The Docker doc spells out that there are security concerns of adding a user to the docker group. Unfortunately, they do not precisely give what the concern is. I guess that is a “security-by-obscurity” approach trying to avoid bad things. Practice show this isn’t useful: the bad guys know anyways, and the casual user has a bad time understanding the actual risk involved.
It is considerable, so let me explain at least one risk (I have not tried exhaustively check security issues): The containers are usually defined to run as root user. This permits you to bypass permission checks on the host.
Let’s assume a $USER is inside the docker group and otherwise has just installed docker. So he can run
$ docker run -v/etc:/malicious -ti –rm alpine
# cd /malicious
# vi sudoers
…. edit, write …
As such, the user can modify system config that he could not access otherwise. It’s a real risk. If you have a one-person “personal” machine/VM where the user has sudo permissions in any case … I’d say it’s no real issue.
The story is a different one on e.g. a CI machine. It’s easy to inject bad code into public pull requests, and so it’ll run on the CI platform. Usually (before spectre/meltdown…), this was guarded by the (low) permissions of the CI worker user (if you run CI with a sudo-enabled user … nothing changed). When you enable it to use docker, you now get this new class of attack vector. Don’t get me wrong: I do NOT advocate against using docker in CI. Right the opposite, it’s an excellent tool there. I just want to make you aware that you need to consider and mitigate another attack vector.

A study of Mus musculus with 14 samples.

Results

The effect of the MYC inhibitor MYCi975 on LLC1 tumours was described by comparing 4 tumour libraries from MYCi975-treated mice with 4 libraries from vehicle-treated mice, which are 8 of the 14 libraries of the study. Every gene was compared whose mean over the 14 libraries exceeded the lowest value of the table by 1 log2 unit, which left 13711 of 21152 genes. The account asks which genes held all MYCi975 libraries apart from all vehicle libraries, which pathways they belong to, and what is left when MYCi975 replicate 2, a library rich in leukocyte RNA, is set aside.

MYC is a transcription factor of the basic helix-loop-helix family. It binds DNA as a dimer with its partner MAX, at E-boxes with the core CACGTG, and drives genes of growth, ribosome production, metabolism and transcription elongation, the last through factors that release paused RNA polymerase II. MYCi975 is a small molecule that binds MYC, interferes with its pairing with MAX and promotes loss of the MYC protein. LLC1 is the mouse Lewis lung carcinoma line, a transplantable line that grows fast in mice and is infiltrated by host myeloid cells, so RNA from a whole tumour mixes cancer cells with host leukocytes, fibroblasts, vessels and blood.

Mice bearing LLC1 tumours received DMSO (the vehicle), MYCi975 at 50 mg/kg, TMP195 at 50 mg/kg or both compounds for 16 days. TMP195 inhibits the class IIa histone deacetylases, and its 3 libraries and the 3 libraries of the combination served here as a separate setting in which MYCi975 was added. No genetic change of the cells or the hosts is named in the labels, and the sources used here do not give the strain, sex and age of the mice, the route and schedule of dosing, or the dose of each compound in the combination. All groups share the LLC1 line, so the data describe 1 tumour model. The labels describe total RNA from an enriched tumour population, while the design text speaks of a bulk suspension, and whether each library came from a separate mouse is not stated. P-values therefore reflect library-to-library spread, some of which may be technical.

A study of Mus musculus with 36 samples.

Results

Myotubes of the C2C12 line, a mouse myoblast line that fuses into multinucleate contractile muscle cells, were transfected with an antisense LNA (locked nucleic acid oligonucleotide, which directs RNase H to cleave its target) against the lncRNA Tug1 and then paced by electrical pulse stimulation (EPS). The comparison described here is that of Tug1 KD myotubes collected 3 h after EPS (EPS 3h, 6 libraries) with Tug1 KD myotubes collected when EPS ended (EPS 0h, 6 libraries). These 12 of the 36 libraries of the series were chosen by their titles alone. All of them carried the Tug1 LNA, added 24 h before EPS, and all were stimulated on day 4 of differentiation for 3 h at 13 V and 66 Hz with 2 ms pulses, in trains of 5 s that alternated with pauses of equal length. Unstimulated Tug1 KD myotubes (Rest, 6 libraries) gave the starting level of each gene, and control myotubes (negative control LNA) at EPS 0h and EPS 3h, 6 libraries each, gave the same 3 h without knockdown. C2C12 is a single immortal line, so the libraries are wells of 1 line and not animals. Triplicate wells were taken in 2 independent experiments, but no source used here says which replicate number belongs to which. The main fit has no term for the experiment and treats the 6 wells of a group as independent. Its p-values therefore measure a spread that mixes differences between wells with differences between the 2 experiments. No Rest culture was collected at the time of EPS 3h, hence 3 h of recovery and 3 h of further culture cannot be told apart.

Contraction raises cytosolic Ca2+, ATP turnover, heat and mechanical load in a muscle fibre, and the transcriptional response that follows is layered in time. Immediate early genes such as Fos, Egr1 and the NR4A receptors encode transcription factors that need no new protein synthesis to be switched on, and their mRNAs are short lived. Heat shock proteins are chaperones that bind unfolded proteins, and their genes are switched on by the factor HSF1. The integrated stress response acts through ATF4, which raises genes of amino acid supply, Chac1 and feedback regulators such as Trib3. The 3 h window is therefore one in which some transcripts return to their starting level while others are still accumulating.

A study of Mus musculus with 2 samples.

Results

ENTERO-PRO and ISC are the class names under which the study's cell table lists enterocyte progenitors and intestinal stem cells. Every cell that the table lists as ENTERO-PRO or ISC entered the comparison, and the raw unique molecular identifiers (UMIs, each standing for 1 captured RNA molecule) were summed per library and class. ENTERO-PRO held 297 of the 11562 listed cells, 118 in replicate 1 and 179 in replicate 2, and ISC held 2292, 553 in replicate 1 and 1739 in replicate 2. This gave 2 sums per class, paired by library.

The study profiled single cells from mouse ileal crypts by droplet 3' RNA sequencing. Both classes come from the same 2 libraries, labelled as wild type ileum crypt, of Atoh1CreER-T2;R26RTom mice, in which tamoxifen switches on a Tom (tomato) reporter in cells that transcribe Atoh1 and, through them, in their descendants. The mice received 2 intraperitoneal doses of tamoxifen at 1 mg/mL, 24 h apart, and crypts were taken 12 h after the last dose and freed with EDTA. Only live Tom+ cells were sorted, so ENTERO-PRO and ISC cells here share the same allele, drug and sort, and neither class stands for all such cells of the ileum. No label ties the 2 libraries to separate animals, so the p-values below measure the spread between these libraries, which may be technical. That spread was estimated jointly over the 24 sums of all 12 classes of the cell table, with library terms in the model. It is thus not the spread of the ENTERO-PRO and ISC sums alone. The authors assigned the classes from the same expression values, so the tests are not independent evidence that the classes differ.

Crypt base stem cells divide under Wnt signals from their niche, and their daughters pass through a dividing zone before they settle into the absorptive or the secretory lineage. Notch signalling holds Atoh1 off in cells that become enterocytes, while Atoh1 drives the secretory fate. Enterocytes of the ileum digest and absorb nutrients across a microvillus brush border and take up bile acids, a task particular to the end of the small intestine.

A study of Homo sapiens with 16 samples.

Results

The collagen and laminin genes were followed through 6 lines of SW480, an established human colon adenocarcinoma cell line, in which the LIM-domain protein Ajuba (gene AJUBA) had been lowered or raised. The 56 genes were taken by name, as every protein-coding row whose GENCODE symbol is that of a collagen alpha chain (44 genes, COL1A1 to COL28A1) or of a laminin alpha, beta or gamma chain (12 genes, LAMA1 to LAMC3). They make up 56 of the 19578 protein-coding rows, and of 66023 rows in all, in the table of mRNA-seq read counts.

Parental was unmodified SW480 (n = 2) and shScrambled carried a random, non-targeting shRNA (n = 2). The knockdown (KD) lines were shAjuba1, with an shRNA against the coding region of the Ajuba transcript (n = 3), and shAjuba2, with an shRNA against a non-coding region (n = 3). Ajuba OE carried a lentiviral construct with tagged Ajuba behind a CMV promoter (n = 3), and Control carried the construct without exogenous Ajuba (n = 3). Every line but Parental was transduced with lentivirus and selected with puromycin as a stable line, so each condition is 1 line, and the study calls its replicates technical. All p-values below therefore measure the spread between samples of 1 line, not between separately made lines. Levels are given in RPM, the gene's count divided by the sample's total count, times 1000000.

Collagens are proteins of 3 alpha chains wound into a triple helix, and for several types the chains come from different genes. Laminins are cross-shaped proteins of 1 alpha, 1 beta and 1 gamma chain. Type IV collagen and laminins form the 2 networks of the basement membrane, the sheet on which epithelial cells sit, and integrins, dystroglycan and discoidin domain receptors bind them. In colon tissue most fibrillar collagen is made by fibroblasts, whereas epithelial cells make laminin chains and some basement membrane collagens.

Thanks to the new improved CI workflow, we do no longer manually need to do a final check of pull requests. I have used the new system for roughly two weeks now without any problems. Consequently, I have just removed the master-candiate branch from our git (with a backup “just in case” currently remaining in the adiscon git repository).
Anyone contributing, please check the CI status of your PRs, as we can only merge things that pass the CI run. Note, though, that there still is a very limited set of tests which may falsly fail. Their number is shrinking, and I usually catch these relatively shortly and restart them. If in doubt, please add a comment to the PR and I’ll investigate.
Roughly one and a half year ago we at the rsyslog project started to get serious with CI, that time with travis only. Kudos to Thomas D. “whissi” for suggesting this and helping us to setup the initial system. In aid of CI, we have changed to a purely Pull Request (PR) driven develpoment model, and have made great success with that.
Over time, we have added more CI ressources (thanks to Digital Ocean for capacity sponsorship!) and begun to use Buildbot to drive those. Buildbot is a great tool, and has helped us tremendously to further improve software quality. Unfortunately, though, it does not offer as close integration into (guthub) PRs as Travis does. This resulted in a workflow where we had all PRs initially checked by Travis and, if all went well, I manually merged them to master-candidate branch, which Buildbot monitored. In those infrequent cases where the buildbot tests detected problems, I needed to manually contact the PR submittors. This worked well, but required some effort on my part.
The past two week we designed and implemented a small script that integrates github with buildbot much like Travis does. In essence, a new PR (or an update to an existing one) now automatically initiates the buildbot build AND the result is shown right on github inside the PR. That’s pretty sweet as it a) keeps submittors informed of everything, b) provides even better coverage of multiple platfrom testing and c) saves me from a lot of manual labor. Note that at the moment we see some infrequent quirks from this system (like some buildbot slaves not reporting, probably due to temporary network issues), but it already works much better than the old manual system. Also, I still have the capability to check things manually if there is a quirk.
As a consequence, we will change the workflow once again, removing master-candidate branch from it. Now that each and every PR is checked with all checks we have, there is no need to have an interim step when finally merging.